House Republicans vote to kick Rep. Ilhan Omar off Foreign Affairs Committee
They said it was for antisemitic comments the Democrat apologized for in 2019.
House Republicans on Thursday voted to kick Democratic Rep. Ilhan Omar off the House Foreign Affairs Committee.
They said it was because of antisemitic comments and statements on Israel she later apologized for in 2019.
The vote on the resolution was 218-211 -- with one Republican -- Rep. David Joyce of Ohio -- voting "present."
Omar defended herself in an impassioned floor speech Thursday immediately ahead of the vote, displaying a photo of her younger self on a poster board beside her.
"I am Muslim. I am an immigrant. And interestingly, from Africa. Is anyone surprised that I am being targeted?" she said.
"I am an American -- an American who was sent here by her constituents to represent them in Congress, a refugee who survived the horrors of a civil war. Someone who spent her childhood in a refugee camp, someone who knows what it means to have a shot at a better life here in the United States, and someone who believes in the American dream," she said.
"There is an idea out there that I am not, that I do not have, objective decision making because of who I am, where I come from and my perspective -- but I would check that we say there is nothing objective about policy. We all inject our perspectives, our points of view, our lived experiences, and the voices of our constituents," she continued. "That's what democracy is about."
"What opinions do you have to have to be counted as American? That is what this debate is about. There is this idea that you are suspect if you are an immigrant. Or if you are from a certain part of the world, of a certain skin tone or a Muslim…" Omar said.
"I will continue to speak up because representation matters. I will continue to speak up for little kids who wonder who's speaking up for them. I will continue to speak up for families around the world towards seeking justice, whether they are displaced in refugee camps, or they are hiding under their beds -- somewhere like I was -- waiting for the bullets to stop -- because this child survivor of war would have wanted, that the nine-year-old me, would be disappointed if I didn't talk about the victims of conflict those that are experiencing unjust wars, atrocities, ethnic cleansing occupation or displacement like I did," Omar said.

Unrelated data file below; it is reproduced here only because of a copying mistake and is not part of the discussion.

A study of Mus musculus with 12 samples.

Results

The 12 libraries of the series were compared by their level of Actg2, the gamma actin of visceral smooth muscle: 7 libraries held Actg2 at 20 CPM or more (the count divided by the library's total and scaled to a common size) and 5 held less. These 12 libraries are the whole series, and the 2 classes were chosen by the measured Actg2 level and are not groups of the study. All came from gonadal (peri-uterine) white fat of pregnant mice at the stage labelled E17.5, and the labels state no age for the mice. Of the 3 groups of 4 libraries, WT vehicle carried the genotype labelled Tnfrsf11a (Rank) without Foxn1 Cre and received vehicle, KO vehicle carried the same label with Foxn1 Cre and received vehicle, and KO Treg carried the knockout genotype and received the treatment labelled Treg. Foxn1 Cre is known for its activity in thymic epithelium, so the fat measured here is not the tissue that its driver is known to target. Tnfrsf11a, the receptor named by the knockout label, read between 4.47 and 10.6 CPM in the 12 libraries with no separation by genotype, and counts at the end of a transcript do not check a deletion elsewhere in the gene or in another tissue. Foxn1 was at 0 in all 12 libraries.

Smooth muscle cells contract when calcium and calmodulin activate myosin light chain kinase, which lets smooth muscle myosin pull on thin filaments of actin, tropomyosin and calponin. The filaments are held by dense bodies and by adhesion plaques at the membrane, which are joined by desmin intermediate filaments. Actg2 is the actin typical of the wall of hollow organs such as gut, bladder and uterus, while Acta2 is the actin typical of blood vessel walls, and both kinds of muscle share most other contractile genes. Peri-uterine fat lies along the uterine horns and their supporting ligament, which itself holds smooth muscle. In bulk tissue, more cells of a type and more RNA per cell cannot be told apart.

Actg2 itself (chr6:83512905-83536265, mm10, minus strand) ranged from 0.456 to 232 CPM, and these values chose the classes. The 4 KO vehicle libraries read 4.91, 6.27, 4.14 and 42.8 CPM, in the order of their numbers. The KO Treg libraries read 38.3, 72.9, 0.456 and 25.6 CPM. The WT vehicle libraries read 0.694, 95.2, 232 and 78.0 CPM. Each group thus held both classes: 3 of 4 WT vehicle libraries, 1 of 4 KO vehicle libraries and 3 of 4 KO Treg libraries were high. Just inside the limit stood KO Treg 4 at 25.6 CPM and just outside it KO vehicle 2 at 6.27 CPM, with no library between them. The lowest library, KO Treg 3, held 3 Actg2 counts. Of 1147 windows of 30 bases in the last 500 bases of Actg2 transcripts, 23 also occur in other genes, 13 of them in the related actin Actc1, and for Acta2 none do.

The Minnesota congresswoman concluded by saying she would not let the vote silence her.
"I came to Congress to be their voice, and my leadership and voice will not be diminished," she said. "If I am not on this committee for one term, my voice will get louder and stronger, and my leadership will be celebrated around the world as it has been."
Her Democratic colleagues in the chamber rose and cheered.
Before Omar spoke, Rep. Alexandria Ocasio-Cortez, D-N.Y., said in a speech, "Don't tell me this is about consistency. This is about targeting women of color!"
Several Jewish Democrats supported Omar, including Rep. Lois Frankel of Florida, who voted against the GOP resolution, and Rep. Janice Schakowsky of Illinois, who said, "I stand before you as a proud Jew and a proud friend and colleague of Ilhan Omar."
Meanwhile, GOP members continued to condemn Omar's previous antisemitic remarks and what they said is her lack of support for Israel.
GOP Rep. Michael Guest Of Ohio said "not only do Representatives Omar's comments have no place in the Foreign Affairs Committee. I hold that anyone who makes such statements has no place on serving in the Foreign Affairs Committee."
Freshman Rep. Mike Lawler, R-N.Y., said, "words matter, it leads to harm."
"The congresswoman is being held accountable for her words and her actions, and that is why I support this resolution," Lawler said.
Republican Rep. Nicole Malliotakis of New York called Omar's behavior "unacceptable."
"This is about consistency and accountability. Because we should not have those views on the committee," Malliotakis said.
Earlier Thursday, Democratic Leader Hakeem Jeffries said the vote was "all about political revenge" and called the resolution written to remove Omar "phony, fake and fraudulent."
"This type of poisonous toxic double standard is going to complicate the relationship moving forward between House Democrats and help Republicans," Jeffries told ABC News Senior Congressional Correspondent Rachel Scott at his weekly press conference.
House Speaker Kevin McCarthy had repeatedly vowed to remove Omar and two other Democrats, California Reps. Eric Swalwell and Adam Schiff, once Republicans regained power.
The House Rules Committee voted along party lines on Tuesday night, 9-4, to advance a resolution to effectively block Omar from the panel -- by removing her once she is seated.
On Wednesday, the chamber voted to move forward with a vote on the resolution, which was introduced by Republican Rep. Max Miller of Ohio. It cites some of Omar's previous controversial statements to argue she doesn't have an "objective mindset."
Miller said it wasn't about a "tit-for-tat," given that Democrats and some Republicans had removed two GOP lawmakers -- Reps. Marjorie Taylor Greene and Paul Gosar -- from committees in the last Congress.
After the House vote to remove Omar, McCarthy doubled down on why he said she deserved to be booted off.
“We just do not believe when it comes to foreign affairs, especially the responsibility of that position around the world with the comments that you make -- she shouldn't serve there,” he said.
ABC News' Jay O'Brien and Gabe Ferris contributed to this report.